The first Volvo car left the factory in Gothenburg, Sweden on 14 April, 1927.
Volvo is Latin for "I roll", and the company was founded by Assar Gabrielsson and Gustaf Larsson as a spin-off from ball-bearing manufacturer SKF. The logo is a Swedish symbol for iron attached to a diagonal piece if metal on the front grille.
Initially Volvo produced closed top and cabriolet versions of its four-cylinder OV4 and PV4 Jakob models, which sold well as they were constructed to better withstand the harsh Swedish climate than US imports.
In 1929 a six-cylinder PV651 model was introduced. Its success helped the company raise funds to buy its engine supplier and its first factory.
The PV 51, a cheaper model, was introduced in 1936, similar to the more expensive PV36 in design, but smaller in size and less well equipped.
Towards the end of the Second World War the PV444 was introduced. It was an instant success, and joined by successes including the 120/Amazon gained Volvo a market in the USA.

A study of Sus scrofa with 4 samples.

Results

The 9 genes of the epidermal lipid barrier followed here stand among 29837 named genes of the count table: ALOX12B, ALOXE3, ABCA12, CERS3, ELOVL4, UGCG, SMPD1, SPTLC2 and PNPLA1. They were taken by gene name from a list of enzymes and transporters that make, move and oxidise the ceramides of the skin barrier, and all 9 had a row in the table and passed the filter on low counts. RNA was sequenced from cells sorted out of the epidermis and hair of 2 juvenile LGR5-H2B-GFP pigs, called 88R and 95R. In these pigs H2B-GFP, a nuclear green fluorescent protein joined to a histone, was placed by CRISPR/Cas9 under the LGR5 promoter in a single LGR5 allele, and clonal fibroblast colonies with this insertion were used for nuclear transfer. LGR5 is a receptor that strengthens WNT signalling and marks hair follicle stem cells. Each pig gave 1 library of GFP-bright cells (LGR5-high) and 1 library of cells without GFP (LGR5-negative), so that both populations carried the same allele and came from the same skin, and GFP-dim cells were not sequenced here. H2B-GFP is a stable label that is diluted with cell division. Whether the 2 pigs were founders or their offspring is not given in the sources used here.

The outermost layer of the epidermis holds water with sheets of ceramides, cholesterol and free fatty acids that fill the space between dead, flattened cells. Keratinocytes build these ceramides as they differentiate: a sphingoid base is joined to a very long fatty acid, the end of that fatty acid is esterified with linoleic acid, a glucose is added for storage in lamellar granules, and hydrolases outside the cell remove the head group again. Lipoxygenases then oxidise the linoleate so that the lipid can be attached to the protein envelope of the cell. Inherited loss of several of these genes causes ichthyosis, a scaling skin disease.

In 1959 the Amazon and PV544 were equipped with three-point safety belts – a world first.
Volvo’s first sports car was the P1800, unveiled in 1960, and found fame in The Saint TV series with Roger Moore behind the wheel.
Cementing Volvo's position in the family market, in 1964 it launched the Volvo 140, firstly as a saloon and later as an estate.
Other innovations in safety and environmental care were also standout features of the company. These included crumple zones, rear facing child seats, collapsible steering columns, side collision protection and the three-way catalytic converter.